Here's the latest Tory idiocy. Dominic Raab says the "talented and hard-working have nothing to fear" from a scrapping of "excessive protections" for workers.
Let's ignore the fact that the UK has some of the weakest job protection laws in the world. Let's also ignore the fact that there's no evidence that scrapping employment protection would create new jobs. And let's also ignore the fact that employment protection is of only marginal concern to small businesses, and that even a former director-general of the CBI has mocked the idea of abolishing the few protections workers have.
Is Raab right that the best workers have nothing to fear?
No.It's easy to think of many ways in which talented and hard-working people might reasonably fear the sack. A middle-manager ordered to cut costs might prefer to sack better-paid workers. A soft-hearted one might prefer to sack the talented in the belief that they can more easily find work elsewhere. Or he might simply not be able to recognize talent, if it's outside his field; engineers can be bad at spotting financial ability, and vice versa. Or he might simply regard a good worker as a threat to his own position - possibly reasonably so, given that talented people have market power and so are hard to make profits from.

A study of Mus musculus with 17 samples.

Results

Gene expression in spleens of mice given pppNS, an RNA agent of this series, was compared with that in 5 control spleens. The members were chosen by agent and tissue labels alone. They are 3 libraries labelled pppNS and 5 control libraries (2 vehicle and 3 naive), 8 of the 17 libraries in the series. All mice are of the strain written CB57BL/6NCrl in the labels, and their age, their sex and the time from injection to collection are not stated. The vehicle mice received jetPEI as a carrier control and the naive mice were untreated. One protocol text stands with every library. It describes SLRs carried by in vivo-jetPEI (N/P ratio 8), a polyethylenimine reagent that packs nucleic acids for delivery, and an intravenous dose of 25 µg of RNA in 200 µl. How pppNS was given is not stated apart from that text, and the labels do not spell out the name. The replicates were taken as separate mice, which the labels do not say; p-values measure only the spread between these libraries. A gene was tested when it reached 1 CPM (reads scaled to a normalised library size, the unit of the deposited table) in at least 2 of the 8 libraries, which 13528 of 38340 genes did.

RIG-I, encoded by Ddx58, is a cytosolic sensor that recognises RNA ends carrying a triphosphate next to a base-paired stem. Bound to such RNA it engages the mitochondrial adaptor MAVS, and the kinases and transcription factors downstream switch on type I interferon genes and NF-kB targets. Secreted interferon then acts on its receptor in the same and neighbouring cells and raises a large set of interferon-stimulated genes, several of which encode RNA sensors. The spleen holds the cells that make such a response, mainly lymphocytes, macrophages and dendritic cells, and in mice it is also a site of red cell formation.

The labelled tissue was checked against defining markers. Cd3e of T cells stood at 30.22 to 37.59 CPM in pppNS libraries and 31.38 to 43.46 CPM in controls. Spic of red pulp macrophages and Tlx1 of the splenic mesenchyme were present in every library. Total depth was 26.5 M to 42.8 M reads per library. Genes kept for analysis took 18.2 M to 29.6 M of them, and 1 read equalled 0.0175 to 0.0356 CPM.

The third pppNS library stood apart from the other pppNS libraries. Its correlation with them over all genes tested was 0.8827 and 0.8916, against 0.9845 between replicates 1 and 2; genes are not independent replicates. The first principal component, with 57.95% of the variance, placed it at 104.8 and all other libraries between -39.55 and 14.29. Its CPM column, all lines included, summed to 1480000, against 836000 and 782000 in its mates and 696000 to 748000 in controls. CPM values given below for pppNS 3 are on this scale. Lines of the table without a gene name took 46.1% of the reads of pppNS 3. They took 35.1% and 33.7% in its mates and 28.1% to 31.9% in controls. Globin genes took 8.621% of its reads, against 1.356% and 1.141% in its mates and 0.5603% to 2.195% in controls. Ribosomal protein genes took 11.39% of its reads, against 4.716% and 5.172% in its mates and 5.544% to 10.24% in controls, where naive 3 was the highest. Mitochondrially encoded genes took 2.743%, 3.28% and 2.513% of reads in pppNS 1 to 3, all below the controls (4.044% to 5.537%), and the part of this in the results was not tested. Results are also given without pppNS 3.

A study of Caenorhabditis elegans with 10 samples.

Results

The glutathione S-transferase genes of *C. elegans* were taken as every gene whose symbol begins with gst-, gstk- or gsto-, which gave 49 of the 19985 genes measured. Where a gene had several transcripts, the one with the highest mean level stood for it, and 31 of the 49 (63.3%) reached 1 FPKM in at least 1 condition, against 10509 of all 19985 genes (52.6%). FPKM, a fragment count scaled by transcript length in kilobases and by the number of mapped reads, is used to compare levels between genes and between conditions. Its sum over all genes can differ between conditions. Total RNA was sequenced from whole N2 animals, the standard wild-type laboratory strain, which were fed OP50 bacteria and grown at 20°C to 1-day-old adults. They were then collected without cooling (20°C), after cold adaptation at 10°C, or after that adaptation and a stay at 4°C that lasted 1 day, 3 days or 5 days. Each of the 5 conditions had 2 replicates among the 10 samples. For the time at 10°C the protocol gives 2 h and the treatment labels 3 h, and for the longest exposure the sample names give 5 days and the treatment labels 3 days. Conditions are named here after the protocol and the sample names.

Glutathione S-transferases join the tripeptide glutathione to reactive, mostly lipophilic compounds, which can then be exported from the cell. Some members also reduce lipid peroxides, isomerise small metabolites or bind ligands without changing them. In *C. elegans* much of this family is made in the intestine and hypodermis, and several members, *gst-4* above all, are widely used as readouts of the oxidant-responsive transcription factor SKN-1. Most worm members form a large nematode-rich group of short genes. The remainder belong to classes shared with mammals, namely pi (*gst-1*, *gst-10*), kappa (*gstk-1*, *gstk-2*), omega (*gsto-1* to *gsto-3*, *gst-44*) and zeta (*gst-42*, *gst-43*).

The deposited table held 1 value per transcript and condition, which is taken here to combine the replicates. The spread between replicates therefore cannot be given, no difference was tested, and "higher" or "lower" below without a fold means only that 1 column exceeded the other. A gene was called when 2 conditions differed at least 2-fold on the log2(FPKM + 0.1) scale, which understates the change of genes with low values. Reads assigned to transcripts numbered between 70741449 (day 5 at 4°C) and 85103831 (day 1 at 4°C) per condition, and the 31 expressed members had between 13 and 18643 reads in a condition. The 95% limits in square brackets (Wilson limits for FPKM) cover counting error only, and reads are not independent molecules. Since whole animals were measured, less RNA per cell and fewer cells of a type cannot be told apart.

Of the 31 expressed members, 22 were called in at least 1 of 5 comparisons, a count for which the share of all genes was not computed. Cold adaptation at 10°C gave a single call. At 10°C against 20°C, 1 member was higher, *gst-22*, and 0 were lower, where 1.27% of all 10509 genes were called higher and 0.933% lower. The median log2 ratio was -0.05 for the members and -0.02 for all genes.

Now, you might reply that if Raab is taking too optimistic a view of managers' decency and ability, I'm taking too pessimistic a one. But the point of laws is to protect us from the minority of wrong-doers. The vast majority of people are not thieves or murders - but this fact doesn't negate the need for laws against theft and murder. As James Madison said, "If men were angels, no government would be necessary." But some are not angels.
I'm pretty sure, then, that Raab is talking rot. What I'm not so sure about is why. One possibility is that he's so blinded by free market ideology and by romantic ideas about entrepreneurs and managers that he just cannot see that some free market reforms are of negligible benefit and that some bosses are less than heroic.
But you'd have thought that the experience of the crisis - which has seen bankers get multi-million bonuses whilst good workers lose their jobs - would have disabused anyone of the just world theory that capitalism rewards talent and effort. There's comes a point when a cognitive bias shades into a psychiatric disorder.
This leaves another possibility. It's that Raab is simply taking sides in a class war. He wants to further empower bosses to bully workers, even if this has no macroeconomic benefit.